With five months to go in his tenure, the governor announced Tuesday that he would embark on a six-stop tour across Tennessee to garner input about how to improve the inaptly dubbed “TNReady” system.
Since TnReady reared its ugly head in the 2015, parents have yet to receive a set of reliable data about how their kids are performing in school as compared to those across the state and around the country.
The Associated Press quoted Haslam as saying he fears the state will take the “easy way out” and just stop working on TNReady.
Maybe that’s not such a bad idea.
TNReady was supposed to be part of the state’s answer to critics who slammed our schools for lack of rigor and reliable comparisons to national data. Schools often were meeting the state’s own standards but not so much against the broader results. Our kids were way behind those in other states, and a makeover began to more closely align Tennessee’s curricula and tests with national benchmarks. Of course, politics took over, and the state’s lawmakers balked at an 18-state coalition’s common testing program.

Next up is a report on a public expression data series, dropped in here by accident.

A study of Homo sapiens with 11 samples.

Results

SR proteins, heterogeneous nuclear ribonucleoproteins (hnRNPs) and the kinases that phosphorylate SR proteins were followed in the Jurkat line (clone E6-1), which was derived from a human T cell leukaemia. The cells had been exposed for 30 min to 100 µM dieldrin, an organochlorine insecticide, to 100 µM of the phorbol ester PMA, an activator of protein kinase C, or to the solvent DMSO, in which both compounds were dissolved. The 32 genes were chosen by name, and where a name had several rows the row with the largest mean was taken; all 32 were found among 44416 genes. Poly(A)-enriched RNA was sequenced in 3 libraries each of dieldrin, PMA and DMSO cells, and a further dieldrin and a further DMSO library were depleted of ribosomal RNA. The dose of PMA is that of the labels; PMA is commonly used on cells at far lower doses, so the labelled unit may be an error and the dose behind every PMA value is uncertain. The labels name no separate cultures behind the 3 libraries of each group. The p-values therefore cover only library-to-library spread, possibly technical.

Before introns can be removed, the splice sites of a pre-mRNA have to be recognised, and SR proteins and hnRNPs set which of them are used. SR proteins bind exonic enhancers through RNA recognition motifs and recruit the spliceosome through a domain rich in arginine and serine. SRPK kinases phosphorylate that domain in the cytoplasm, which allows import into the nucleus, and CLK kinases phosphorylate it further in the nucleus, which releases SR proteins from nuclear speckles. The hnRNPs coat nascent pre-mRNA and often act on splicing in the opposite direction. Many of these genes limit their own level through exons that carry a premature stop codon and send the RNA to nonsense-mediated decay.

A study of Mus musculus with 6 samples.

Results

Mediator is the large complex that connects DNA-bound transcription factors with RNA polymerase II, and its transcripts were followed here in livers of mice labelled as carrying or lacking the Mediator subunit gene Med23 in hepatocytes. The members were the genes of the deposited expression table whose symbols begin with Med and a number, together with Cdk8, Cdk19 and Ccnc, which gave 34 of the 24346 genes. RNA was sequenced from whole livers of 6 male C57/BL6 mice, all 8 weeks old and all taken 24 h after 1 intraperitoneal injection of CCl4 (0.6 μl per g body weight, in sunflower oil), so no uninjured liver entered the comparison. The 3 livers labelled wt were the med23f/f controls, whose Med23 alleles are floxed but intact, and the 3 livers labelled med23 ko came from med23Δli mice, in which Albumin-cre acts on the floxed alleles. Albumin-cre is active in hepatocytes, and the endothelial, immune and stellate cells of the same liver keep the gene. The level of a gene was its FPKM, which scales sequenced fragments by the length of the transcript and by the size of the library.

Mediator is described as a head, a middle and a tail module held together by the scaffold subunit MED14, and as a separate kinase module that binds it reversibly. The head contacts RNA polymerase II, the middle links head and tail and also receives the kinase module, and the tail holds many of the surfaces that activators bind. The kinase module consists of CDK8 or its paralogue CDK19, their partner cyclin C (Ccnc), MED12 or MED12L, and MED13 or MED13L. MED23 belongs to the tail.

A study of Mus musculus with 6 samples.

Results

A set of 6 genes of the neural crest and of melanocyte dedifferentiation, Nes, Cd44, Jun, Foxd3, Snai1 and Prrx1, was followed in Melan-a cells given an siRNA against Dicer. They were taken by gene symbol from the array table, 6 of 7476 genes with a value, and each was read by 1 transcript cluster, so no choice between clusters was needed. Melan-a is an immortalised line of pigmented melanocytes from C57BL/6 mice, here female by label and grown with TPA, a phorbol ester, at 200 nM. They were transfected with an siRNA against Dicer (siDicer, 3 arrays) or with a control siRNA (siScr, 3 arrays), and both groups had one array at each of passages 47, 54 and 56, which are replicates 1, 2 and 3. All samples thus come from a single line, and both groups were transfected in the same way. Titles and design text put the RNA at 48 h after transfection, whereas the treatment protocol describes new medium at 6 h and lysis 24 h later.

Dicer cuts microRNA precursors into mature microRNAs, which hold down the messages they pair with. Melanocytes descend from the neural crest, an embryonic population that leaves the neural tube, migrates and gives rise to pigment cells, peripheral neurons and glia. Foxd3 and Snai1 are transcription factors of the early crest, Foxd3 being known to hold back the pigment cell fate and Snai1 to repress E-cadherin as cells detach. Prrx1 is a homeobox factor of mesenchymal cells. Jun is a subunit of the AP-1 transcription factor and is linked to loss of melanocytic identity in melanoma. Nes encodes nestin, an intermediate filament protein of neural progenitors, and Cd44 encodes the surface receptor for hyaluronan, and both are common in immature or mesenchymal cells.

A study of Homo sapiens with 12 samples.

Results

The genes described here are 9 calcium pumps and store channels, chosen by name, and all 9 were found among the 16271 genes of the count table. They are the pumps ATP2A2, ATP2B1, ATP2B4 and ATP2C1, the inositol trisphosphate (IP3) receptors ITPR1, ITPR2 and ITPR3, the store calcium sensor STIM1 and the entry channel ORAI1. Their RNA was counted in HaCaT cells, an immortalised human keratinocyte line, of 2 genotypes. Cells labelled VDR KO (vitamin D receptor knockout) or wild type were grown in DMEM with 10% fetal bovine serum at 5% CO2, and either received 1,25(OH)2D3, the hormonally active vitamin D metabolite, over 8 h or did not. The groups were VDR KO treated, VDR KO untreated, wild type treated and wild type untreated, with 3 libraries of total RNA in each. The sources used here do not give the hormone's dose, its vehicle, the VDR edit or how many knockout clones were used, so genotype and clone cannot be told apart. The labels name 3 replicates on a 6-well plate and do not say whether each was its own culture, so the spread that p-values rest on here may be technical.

And that begat TNReady, which has been anything but ready.
Tennessee tried to reinvent the wheel, and Haslam’s tour sounds like more of the same. As we stated in May, 49 other states are out there testing their kids, and surely one of them has a working model that Tennessee can adapt to meet our families’ needs.
Rather than asking teachers, parents and students how to fix TNReady, the governor would do better to ask them about how rote testing preparation affects personalized teaching and learning and how the state could free up teachers to truly reach students.
Now, we’re not saying Tennessee should not set standards or evaluate its teachers and students with high expectations. Every governor we’ve had since Lamar Alexander took office in 1979 — Haslam included – has helped inch Tennessee into higher standards.
Rigor and assessment are the only ways a state can ensure students’ needs are being met, but when testing drives the conversation, it becomes an end in itself.
Children lose in that equation. Manufactured widgets they are not.
It’s time for Tennessee to move past the politics of testing, rely on a path proven in other states and worry more about how students learn that what they can regurgitate. If we get that right, the tests will show it.